Preparation for a parent-teacher conference actually begins at orientation — when you don’t even know if you’ll need one! What tools are teachers using to communicate with parents? How will you access these tools? Once you have the answers to those questions, stay connected to what is happening in school. Read the newsletter. Subscribe to the blog. Visit the website. Watch the YouTube videos.
Be in the Know
Know your child’s homework assignments, and check that they are being completed. Know your child’s test schedule, and help them study for assessments. Know how your child is performing. If your school/district uses an online gradebook, be sure to obtain your login information, and check grades weekly. Your child does not want to disappoint you. He or she may conceal graded papers to avoid getting into trouble. If you are in the know, you will know when it is time to schedule a parent-teacher conference.
Do Your Homework
Preparing for a parent-teacher conference is more than scheduling a time to meet. Do determine the specific areas where your child seems to be struggling. Do gather samples of student work — homework, classwork, exit tickets, graded assessments, etc. — to refer to during the conference. Do make a list of questions you would like to ask. Again, be specific. It is difficult for a teacher to respond effectively to questions like: “How is my child doing?” Do focus your questions on specific skills or concepts. “My child seems to have trouble determining theme. Is there a strategy I can use to help?”
Do take notes during the conference. Recording the answers to your questions, the strategies to use, and the resources to access will help you follow through on the reason you requested a parent-teacher conference in the first place — to help your child. If you do your homework, you will walk away from your conference with the answers you need to address your child’s struggles.
Let’s be honest — conferences can be intimidating for both parents and teachers. There are some important items to bring with you:
Bring consideration. When making arrangements for a parent-teacher conference, remember that the teacher is either giving up their planning time or sacrificing their personal time. In the event that you are unable to attend a scheduled conference, notify the teacher as soon as possible. Be mindful of the time. A typical conference should last about 30 minutes.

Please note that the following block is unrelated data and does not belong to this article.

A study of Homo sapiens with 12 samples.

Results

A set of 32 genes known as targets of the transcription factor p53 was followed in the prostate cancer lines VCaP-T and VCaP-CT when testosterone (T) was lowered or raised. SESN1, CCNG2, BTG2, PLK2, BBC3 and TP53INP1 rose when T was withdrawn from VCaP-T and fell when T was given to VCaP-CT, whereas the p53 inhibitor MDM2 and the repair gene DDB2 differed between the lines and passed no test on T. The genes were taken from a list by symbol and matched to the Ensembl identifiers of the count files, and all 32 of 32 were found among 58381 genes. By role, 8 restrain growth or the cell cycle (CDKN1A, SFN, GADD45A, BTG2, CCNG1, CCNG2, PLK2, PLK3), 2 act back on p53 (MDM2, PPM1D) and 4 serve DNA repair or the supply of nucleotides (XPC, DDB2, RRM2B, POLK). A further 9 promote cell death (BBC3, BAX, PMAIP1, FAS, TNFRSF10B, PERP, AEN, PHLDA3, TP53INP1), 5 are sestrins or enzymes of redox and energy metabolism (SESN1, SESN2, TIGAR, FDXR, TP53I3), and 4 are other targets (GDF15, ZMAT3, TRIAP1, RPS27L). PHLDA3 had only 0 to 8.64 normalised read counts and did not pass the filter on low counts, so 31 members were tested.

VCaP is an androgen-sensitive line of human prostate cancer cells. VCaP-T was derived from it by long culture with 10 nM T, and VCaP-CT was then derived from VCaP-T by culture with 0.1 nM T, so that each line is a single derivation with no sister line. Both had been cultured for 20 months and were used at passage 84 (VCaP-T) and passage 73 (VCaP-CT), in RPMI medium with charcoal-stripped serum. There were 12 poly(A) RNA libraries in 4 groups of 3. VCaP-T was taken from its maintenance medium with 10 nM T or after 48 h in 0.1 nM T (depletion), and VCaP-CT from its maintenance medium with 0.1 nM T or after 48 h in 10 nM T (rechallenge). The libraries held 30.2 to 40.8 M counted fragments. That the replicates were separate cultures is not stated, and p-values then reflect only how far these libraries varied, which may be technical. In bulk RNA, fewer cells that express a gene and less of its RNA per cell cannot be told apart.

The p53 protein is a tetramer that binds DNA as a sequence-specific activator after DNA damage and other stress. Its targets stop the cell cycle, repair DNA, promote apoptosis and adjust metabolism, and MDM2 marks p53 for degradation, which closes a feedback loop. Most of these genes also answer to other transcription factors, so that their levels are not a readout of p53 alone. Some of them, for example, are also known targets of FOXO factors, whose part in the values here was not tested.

Bring a positive attitude. Lead with strength. In which area have you seen the most growth in your child? What do you think has been your child’s biggest accomplishment this year? Opening remarks help to set the tone for the rest of the conference, and we all want that to be positive.
Bring an open mind. Parents and teachers are allies, not adversaries. Comments made in the context of a parent-teacher conference are not meant to be a critique of either person. The conference is an opportunity to brainstorm ways to motivate and/or problem-solve challenges the student is experiencing. We’re all working toward the same goal — helping your child be successful.
Bring empathy. It is easy to jump to judgment, especially in the heat of the moment. Listen, knowing that there is more than one side to every story. We are all fighting hidden battles. Share any special circumstances or issues that might be impacting your child’s performance, so the teacher has the whole picture. Teachers want your child to succeed — our jobs depend on it.
Know, do, bring. Best practices for teachers and parents alike.
Our “Dear Parent, From a Teacher” series helps parents obtain the tools and insight to ensure a successful school year for their children. If you are a teacher who wishes to write a guest blog for this series, please email your topic to [email protected]
About the Author
Cheryl Chascin was born and raised in Lowell, Massachusetts. She moved to Jacksonville in 1992. Cheryl and her husband, Ken, have two children and five grandchildren. Cheryl has nearly 20 years of teaching experience and was the 2017-2018 Teacher of the Year for her school. She is National Board certified in Literacy. She has taught 3rd, 4th, and 5th grades. She maintains a blog and a YouTube channel as a resource for parents and students. Cheryl is also a published author of children’s short stories and adult novels.